Ways of Knowing
To Love Unconditionally
Thursday, October 17, 2019
Tim Shriver, a friend and Chair of Special Olympics, works with many people whom our culture excludes or disregards. Through their eyes he has come to see God’s presence in every human being. As you read Tim’s words, imagine how you might stand in solidarity with someone “on the edge,” someone who has been excluded, and see that individual through God’s eyes.
You cannot believe in or practice unitive consciousness as long as you exclude and marginalize others—whether it is women or people of different sexual orientations or people of religious or ethnic minorities or, in my experience, people with intellectual disabilities. My work is largely with and in support of people who have significant vulnerabilities because of intellectual disability. In many cultures these people are excluded and oppressed, though often unconsciously, even more so than other marginalized groups. . . . They are thought to be hopeless. Mostly they are ignored and forgotten.
For twenty years I have been mentored by these same people. Some might not be the best-spoken, the most articulate writers, the most celebrated thinkers, the fastest runners. And yet, despite all of that, I have met person after person who emanates a kind of radiant light. After a while, even the densest of us may have our eyes opened to that something which transcends all superficial distractions of disability: the unimaginable beauty of every person. That beauty is ours for the seeing if only we have the eyes to see, if only we pay attention.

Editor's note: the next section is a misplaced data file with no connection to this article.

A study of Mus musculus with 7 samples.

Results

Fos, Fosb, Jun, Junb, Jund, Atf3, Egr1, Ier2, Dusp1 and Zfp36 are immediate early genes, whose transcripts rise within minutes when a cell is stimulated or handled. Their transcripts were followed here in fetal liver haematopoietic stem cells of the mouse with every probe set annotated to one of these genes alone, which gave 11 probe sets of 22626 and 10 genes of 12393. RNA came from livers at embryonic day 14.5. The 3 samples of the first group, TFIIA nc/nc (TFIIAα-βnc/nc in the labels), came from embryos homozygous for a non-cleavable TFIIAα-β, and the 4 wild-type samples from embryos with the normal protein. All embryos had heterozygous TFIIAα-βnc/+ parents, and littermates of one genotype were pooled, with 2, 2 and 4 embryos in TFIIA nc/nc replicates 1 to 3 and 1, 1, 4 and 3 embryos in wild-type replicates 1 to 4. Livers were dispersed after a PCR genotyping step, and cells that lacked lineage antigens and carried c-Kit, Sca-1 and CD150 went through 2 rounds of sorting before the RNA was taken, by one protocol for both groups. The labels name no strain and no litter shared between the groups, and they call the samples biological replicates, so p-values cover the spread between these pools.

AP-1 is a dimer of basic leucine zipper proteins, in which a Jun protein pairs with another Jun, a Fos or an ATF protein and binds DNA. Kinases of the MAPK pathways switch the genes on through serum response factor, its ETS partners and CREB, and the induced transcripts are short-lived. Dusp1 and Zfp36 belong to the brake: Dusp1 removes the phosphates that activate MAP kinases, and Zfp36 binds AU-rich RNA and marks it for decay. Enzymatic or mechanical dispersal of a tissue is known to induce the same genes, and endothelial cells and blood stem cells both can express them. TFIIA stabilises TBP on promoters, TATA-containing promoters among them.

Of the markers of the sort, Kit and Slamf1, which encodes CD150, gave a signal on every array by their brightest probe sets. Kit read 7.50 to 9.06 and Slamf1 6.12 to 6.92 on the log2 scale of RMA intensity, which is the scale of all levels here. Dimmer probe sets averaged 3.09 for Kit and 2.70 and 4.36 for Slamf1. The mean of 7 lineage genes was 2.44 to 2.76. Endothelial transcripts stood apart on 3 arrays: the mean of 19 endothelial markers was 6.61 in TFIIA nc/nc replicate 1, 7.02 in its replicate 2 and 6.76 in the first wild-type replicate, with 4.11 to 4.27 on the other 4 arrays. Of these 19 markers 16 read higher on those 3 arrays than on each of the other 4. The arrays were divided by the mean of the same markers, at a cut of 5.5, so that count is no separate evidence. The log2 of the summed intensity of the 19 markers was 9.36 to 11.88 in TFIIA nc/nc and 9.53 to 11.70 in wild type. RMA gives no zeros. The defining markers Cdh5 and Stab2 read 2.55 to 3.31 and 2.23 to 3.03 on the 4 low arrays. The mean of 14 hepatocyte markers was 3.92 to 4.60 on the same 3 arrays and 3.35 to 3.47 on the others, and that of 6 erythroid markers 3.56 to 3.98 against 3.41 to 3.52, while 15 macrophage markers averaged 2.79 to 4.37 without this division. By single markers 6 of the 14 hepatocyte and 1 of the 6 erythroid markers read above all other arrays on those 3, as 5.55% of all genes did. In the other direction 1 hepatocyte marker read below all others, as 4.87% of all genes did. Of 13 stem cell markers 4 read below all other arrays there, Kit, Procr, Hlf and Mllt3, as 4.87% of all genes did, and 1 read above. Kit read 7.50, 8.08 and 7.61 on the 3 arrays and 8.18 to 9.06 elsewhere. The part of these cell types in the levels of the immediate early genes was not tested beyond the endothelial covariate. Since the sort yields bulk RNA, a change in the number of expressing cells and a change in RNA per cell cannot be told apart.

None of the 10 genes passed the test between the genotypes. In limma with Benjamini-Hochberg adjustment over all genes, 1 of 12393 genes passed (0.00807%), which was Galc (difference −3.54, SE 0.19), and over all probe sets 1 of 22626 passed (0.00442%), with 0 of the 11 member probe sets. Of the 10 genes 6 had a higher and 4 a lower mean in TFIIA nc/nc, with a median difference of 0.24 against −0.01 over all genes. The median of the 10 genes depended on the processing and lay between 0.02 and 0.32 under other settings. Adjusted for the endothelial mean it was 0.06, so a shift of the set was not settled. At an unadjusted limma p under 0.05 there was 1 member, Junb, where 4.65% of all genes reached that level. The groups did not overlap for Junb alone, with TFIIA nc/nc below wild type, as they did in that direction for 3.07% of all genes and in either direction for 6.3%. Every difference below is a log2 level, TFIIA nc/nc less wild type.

I try to maintain those eyes as I engage in this work. At times I will pull myself out of whatever I’m doing and try to remember that I’m united with all that is. I give myself license to step away and reconnect. I fail mostly, but once in a while I succeed, and when I do, I feel like I am touching a “sweet spot” of wonder and peace. It enables me to be present to people in a way that I can communicate to them that I love them unconditionally. There are no conditions to our unity, to our oneness.
Many times I’ve watched, for instance, as a person with Down syndrome stands with a gold medal around her neck, arms raised high to a cheering crowd. I can’t look at that child, at that human being, without slipping out of dualistic thinking. Those moments are a kind of sacrament of unitive consciousness. They are “both-and” moments where shadow and light coexist in the same experience. . . . Divine energy shoots vertically through me like a force, and says, “See! Look! Pay attention to what is right in front of you! That is all you need to know!”
Tim Shriver, “Ripples in the World: CAC Multipliers,” the Mendicant, vol. 4, no. 4 (Center for Action and Contemplation: 2014), 3-4.